USQ observatory helps discover new planet for the first time

THE University of Southern Queensland's MINERVA-Australis facility at Mount Kent has been involved in the discovery of an exoplanet for the first time.

A research paper published this week in the Astronomy and Astrophysics journal confirmed the existence of HD 1397b, a planet which orbits a bright G-type supergiant star, called HD 1397, in the constellation Tucana, about 250 light years from Earth.

Exoplanets are planets that are outside of our specific solar system (planets which orbit the sun).

The paper was a collaborate effort of 52 scientists from all over the world.

USQ PhD student Jake Clark, who is one of the co-authors of the paper, said it was the first time the USQ facility, which still has several of its telescopes under construction, had been involved in a confirmed exoplanet discovery.

"This planet is about the same size, but only half the mass of Jupiter," Mr Clark said.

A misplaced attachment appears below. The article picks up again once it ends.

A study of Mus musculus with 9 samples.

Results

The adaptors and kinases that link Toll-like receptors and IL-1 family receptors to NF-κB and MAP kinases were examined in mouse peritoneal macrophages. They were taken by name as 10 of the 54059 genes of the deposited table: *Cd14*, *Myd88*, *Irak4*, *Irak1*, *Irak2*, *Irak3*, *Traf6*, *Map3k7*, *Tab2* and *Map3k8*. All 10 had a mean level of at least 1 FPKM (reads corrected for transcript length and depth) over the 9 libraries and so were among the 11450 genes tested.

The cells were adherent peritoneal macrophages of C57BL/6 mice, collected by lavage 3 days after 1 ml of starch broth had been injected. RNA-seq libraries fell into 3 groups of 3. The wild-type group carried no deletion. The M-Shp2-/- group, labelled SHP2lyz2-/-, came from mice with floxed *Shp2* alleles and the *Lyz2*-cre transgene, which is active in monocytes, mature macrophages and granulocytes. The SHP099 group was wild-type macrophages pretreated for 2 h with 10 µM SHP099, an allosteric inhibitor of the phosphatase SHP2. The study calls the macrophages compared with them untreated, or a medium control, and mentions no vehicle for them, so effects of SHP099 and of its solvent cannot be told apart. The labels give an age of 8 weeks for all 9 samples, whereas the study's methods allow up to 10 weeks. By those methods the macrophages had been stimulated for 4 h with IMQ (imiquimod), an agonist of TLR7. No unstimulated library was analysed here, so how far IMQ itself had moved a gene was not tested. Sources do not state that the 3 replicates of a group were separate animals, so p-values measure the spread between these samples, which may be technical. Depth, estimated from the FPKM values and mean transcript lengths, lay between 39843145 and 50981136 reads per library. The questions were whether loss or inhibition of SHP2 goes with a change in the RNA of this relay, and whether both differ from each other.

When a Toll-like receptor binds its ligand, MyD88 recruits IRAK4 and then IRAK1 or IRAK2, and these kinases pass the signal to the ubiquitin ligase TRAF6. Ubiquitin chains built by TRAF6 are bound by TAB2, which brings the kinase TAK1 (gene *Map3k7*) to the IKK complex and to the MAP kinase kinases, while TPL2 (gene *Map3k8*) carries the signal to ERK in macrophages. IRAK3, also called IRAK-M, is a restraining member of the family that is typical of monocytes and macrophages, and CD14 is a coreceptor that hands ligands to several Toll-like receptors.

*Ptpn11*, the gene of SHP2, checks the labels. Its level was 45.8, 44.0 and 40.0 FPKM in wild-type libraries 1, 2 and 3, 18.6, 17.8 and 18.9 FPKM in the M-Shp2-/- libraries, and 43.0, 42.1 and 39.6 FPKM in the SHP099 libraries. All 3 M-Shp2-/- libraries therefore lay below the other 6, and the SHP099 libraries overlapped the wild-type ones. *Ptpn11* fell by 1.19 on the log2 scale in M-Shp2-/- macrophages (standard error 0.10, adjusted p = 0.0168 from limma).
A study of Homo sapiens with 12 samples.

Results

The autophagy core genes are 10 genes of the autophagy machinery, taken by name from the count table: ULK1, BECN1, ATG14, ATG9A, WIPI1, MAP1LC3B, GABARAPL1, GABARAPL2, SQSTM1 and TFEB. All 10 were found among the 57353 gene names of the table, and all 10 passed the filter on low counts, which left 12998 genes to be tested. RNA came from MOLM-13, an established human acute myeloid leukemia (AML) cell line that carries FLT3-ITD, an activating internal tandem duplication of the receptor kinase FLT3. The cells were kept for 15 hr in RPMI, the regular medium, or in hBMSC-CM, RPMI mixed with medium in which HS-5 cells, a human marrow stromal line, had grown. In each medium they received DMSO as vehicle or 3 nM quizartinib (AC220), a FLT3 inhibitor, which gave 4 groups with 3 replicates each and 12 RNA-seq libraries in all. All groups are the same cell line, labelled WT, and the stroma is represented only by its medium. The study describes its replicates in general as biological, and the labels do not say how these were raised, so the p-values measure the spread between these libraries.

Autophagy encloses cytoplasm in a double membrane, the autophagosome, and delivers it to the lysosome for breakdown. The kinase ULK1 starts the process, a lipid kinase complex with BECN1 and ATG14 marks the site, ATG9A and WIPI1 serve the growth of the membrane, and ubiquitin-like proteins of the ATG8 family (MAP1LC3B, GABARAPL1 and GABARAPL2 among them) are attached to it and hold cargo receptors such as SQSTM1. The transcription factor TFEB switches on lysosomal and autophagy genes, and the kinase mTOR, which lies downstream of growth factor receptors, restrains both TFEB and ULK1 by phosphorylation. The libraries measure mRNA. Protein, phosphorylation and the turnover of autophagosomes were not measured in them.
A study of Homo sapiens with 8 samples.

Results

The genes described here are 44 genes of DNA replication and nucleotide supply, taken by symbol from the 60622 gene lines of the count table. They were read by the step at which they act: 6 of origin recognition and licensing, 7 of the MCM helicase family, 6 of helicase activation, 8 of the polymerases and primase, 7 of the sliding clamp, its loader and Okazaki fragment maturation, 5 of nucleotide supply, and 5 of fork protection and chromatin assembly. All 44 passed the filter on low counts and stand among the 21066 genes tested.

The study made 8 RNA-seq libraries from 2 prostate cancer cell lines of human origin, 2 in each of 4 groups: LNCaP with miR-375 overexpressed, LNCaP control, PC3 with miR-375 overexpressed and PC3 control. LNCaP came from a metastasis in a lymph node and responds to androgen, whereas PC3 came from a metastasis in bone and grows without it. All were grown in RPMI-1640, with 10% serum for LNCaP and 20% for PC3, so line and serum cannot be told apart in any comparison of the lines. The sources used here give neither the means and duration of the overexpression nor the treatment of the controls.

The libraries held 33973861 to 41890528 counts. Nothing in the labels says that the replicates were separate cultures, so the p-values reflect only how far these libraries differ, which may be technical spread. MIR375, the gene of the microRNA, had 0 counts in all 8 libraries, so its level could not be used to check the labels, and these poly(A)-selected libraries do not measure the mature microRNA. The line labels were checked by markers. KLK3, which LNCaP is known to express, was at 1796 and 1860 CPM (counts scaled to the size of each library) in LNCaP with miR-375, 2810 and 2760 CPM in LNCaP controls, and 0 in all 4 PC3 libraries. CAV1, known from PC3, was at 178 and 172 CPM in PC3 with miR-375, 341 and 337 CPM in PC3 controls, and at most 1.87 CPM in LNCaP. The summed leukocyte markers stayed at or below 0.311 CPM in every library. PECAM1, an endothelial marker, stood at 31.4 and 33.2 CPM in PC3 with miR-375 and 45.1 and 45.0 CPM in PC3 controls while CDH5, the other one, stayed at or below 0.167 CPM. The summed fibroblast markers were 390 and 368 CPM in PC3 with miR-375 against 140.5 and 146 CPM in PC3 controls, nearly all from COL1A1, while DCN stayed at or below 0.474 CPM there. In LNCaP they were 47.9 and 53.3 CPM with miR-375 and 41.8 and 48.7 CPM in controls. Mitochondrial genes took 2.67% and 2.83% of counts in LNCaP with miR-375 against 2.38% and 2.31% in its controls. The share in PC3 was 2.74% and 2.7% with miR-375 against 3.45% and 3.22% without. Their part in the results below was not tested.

"Being so close to its host star, the exoplanet's atmosphere has expanded out like an inflated balloon causing the planet to be a lot larger than it should be.

"Each year is only 11.5 days long, as it's incredibly close to its host star.

"The temperature on this planet is about 950 degrees, so if you want a tropical holiday this is the place to go.

"Future work is needed to characterise (what the exoplanet is made of), but it would be similar to the likes of Saturn and Jupiter, so hydrogen and helium would be my guess and some heavier elements as well."

Mr Clark said it took a team of astronomers from around the world, using several different observational facilities, to confirm the existence of HD 1397b.

"This planet was co-discovered by numerous people around the world, in Switzerland, America, in China, Australia," he said.

"All working together to achieve the same goal, to explore the universe and explore our galaxy, to find more planets than ever before."